The first gay rights organization in America formed right here in Chicago’s Old Town neighborhood — decades before the Mattachine Society in 1950s Los Angeles or the 1968 Stonewall uprising in New York City’s Greenwich Village.
Organized in 1924, the Society for Human Rights lasted less than a year, harassed out of existence by a police raid and lawsuits.
But its origins are in a limestone row house at 1710 N. Crilly Court. In the 1920s, it was a boarding house, where founder and secretary of the Society, Henry Gerber, and the group’s trustee, Henry Teacutter, rented rooms. Today it’s been made into a single-family home.
There were seven names listed in the Society’s founding documents. Two of the seven men lived nearby on Milton (today Cleveland) Avenue; another was on Franklin Street near Moody Bible Institute. A sixth man listed his address as a church in Hyde Park, and the seventh lived in Cleveland, Ohio.
When the group applied for a state charter, they stated their purpose was to: “Promote and to protect the interests of people who by reasons of mental and physical abnormalities are abused and hindered in the legal pursuit of happiness.”
There was no mention of the words gay or homosexual, and the Society received nonprofit status. The group’s efforts included a newsletter called Friendship and Freedom, which only lasted two issues.
The wife of one of the men later described her husband’s bisexuality to a social worker, who went to the police, according to the Chicago LGBT Hall of Fame. Gerber and others were arrested in a police raid.
Police presented a powder puff they’d found in Gerber’s apartment as evidence and a sentence where he wrote, “I love Karl.” But the “Karl” was Karl Marx, and the sentence was from a book review, according to Shirley Baugher, who bought the Gerber home with her husband Norman in 1985.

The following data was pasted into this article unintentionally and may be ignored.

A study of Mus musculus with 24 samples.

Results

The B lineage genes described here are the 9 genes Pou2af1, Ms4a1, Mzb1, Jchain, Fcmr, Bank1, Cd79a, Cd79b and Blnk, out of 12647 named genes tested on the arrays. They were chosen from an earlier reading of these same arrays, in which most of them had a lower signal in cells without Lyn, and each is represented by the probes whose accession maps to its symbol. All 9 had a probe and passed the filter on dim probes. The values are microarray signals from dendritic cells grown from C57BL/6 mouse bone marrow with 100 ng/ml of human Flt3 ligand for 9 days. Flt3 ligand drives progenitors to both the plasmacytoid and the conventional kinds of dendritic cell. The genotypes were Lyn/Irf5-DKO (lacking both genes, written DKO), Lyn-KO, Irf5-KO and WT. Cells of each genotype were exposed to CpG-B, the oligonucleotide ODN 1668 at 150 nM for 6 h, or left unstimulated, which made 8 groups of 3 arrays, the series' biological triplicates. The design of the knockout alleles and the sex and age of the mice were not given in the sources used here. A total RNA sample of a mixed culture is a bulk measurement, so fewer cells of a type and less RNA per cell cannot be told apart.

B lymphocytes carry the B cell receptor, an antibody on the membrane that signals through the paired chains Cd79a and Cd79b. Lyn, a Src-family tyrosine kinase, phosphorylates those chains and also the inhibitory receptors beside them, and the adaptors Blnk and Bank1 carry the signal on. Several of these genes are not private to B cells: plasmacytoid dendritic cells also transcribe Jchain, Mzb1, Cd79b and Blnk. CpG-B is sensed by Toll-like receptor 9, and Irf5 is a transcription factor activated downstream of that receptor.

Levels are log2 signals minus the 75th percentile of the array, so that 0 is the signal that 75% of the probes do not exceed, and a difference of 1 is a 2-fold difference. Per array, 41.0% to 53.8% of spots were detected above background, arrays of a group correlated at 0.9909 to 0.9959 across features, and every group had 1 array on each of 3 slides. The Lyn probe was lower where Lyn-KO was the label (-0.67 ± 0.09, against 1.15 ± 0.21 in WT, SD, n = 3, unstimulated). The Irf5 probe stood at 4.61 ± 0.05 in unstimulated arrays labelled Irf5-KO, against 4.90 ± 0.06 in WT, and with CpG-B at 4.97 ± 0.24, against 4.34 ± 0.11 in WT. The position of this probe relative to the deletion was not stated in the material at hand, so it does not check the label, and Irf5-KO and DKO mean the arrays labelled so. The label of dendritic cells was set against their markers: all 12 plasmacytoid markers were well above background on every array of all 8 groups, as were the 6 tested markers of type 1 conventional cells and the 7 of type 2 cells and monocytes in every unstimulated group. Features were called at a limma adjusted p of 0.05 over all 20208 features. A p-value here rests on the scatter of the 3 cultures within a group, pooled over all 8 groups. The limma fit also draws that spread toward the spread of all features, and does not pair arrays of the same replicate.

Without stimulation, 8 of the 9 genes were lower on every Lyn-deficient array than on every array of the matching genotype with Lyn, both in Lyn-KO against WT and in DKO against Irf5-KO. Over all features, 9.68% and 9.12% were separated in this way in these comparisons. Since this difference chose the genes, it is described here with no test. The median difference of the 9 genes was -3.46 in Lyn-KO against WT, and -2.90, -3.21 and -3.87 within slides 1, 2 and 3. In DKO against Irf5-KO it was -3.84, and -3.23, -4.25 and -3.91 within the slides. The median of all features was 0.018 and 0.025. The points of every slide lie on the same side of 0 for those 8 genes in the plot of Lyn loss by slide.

The case was ultimately dismissed, but Gerber was fired from his post office job for “conduct unbecoming.” He moved to New York City in 1927 and joined the U.S. Army for his third time.
The memory of the short-lived Society for Human Rights was all but forgotten.
Then, in 1962, 37 years after the Society for Human Rights was forced to shut down, Gerber wrote a letter to the gay rights publication ONE detailing the short history of the Society for Human Rights.
Prior to forming the group, Gerber had served in the Army in Germany, where homosexuality was more accepted. He wrote, “I had always bitterly felt the injustice with which my own American society accused the homosexual of ‘immoral acts.’ I hated this society which allowed the majority, frequently corrupt itself, to prosecute those who deviated from the established norms in sexual matters.”
Gerber’s letter — where he wrote passionately about the group’s studious efforts to reform Illinois laws that criminalized homosexuality — is now a kind of founding document of the movement to secure the right to love. He died in 1972.
Baugher wrote a Chicago Now blog entry in 2014 where she described the trial. The couple didn’t find out their home’s history until more than a decade after they bought it. They completely renovated the interior, so the basement room where the Society held meetings and the Gerber and Teacutter’s upstairs rooms look nothing like they did in the 1920s. The Baughers declined to let WBEZ come inside.
“I’m delighted,” Baugher said of the home’s history. “I’m sorry they were not able to be more successful in the enterprise. I’m sorry they were literally chased away. But as far as advocating for the group of people, I’m very pleased they were here.”
In 2015, the house was declared a national landmark.
“The National Park Service is America’s storyteller, and it is important that we tell a complete story of the people and events responsible for building this great nation,” U.S. Interior Secretary Sally Jewell said in the announcement. “As we honor the pioneering work of Henry Gerber and the pivotal role this home played in expanding and fighting for equality for all Americans, we help ensure that the quest for LGBT civil rights will be told and remembered for generations to come.”
Dennis Rodkin is a real estate reporter for Crain’s Chicago Business and Reset’s “What’s That Building?” contributor.